Mia Farrow has returned from South Sudan where she visited health programs run by the International Rescue Committee (IRC). In her new role as an IRC Voice, Farrow is calling for improvements to the global system for treating acute malnutrition and is urging United Nations agencies, NGOs and governments to collaborate on measures to increase access to treatment for children. 860,000 children are expected to suffer from acute malnutrition in South Sudan in 2019. An estimated 7.7 million people will be in need of food assistance during the May – July/August peak of the lean season.
Observing extreme hunger and malnutrition in remote communities, Farrow visited sites in Unity state where the IRC is working to increase access to treatment. She met with community health workers (CHWs) who are diagnosing and treating malaria, diarrhea and pneumonia and visited clinics where children can access malnutrition treatment, but where mothers are forced to travel on foot for up to 8 hours to reach it. These services, while necessary and lifesaving, are inadequate to meet the current rates of acute malnutrition in the country.
Farrow said, “The expectation is that 860,000 children will suffer from acute malnutrition in South Sudan this year, roughly half of whom cannot access treatment. South Sudan is not alone – this number is symptomatic of a global failure to address this life threatening condition. We risk losing entire generations. Solving this crisis is one of the biggest humanitarian opportunities I’ve seen in over 20 visits to sub-Saharan Africa. It’s so obvious that a new approach is needed.”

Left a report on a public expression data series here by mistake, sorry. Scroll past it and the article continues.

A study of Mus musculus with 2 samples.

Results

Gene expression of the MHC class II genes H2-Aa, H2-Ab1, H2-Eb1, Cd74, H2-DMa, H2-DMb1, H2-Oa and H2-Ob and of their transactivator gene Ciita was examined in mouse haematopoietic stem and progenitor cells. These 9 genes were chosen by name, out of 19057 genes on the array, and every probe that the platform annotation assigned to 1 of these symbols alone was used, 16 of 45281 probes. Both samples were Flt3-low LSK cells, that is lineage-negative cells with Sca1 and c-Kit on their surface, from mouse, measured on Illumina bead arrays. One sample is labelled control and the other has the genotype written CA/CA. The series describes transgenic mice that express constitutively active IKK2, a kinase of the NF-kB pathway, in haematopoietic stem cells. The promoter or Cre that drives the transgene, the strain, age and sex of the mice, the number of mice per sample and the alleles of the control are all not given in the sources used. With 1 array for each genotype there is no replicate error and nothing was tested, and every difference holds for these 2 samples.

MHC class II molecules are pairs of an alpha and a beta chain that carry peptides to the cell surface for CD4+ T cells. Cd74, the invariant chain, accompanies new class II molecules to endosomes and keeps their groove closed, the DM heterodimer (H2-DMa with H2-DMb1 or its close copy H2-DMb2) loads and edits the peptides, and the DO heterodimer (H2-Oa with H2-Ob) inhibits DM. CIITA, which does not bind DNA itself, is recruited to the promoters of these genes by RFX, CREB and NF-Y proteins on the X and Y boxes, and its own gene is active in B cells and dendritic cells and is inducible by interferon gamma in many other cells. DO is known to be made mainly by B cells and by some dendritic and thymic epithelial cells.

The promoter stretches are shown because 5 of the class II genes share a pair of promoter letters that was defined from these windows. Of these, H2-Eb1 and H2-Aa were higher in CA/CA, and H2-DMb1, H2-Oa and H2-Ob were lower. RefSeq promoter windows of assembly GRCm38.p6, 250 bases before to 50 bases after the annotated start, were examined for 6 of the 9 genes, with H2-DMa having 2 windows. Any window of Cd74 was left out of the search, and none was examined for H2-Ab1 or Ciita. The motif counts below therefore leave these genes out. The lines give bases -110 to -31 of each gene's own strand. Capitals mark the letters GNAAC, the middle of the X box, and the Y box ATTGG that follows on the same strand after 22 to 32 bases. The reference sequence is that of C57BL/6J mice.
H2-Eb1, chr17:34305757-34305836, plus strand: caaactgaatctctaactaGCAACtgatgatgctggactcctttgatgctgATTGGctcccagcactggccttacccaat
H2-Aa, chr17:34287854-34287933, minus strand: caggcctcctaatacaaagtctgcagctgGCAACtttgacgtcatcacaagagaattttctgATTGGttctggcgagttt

Only 80% of acutely malnourished children have access to treatment globally. To address the treatment gap, the IRC and its partners have developed a new approach that could treat millions more over the next decade. Under the current model for treatment, children are divided into severe and moderate categories and enrolled into separate programs. They are treated with different products administered by different United Nations agencies. This fragmented approach means children rarely get the full benefit of treatment because severe and moderate acute malnutrition therapies are rarely both available in the same place at the same time, and are clinic based, rather than at the community level. The IRC has developed a combined, simplified malnutrition treatment approach that uses one program and one therapeutic product, and is delivered by CHWs, who live and work within their own communities delivering healthcare right to the doorsteps of malnourished children.
Farrow continued, “The current system forces mothers to walk hours or even days through oppressive heat or pounding rain to reach a clinic for their children. Too many children don’t survive the journey and it’s a perilous one for the mothers too. This is needless. The entire process could be simplified by enabling CHWs to treat children in their own homes or villages. I have now seen firsthand the lifesaving role CHWs are playing in treating childhood diseases and the IRC has already proven that they can successfully diagnose and treat acute malnutrition too.
We know what the solution is and we have the ingredients to solve it. Now we need United Nations agencies, NGOs and governments to join forces to bring care closer to the children before more needlessly die.”
Farrow’s visit to South Sudan was her first as an IRC voice, and her fifth visit to South Sudan.
The IRC has more than 480 staff in South Sudan providing health, women’s protection and empowerment, child protection, and livelihoods programs. The IRC is one of the largest providers of aid in South Sudan serving more than 900,000 people.
To learn more about IRC’s approach to treating acute malnutrition, click here.
To view and download images from the trip, click here.
Distributed by APO Group on behalf of International Rescue Committee.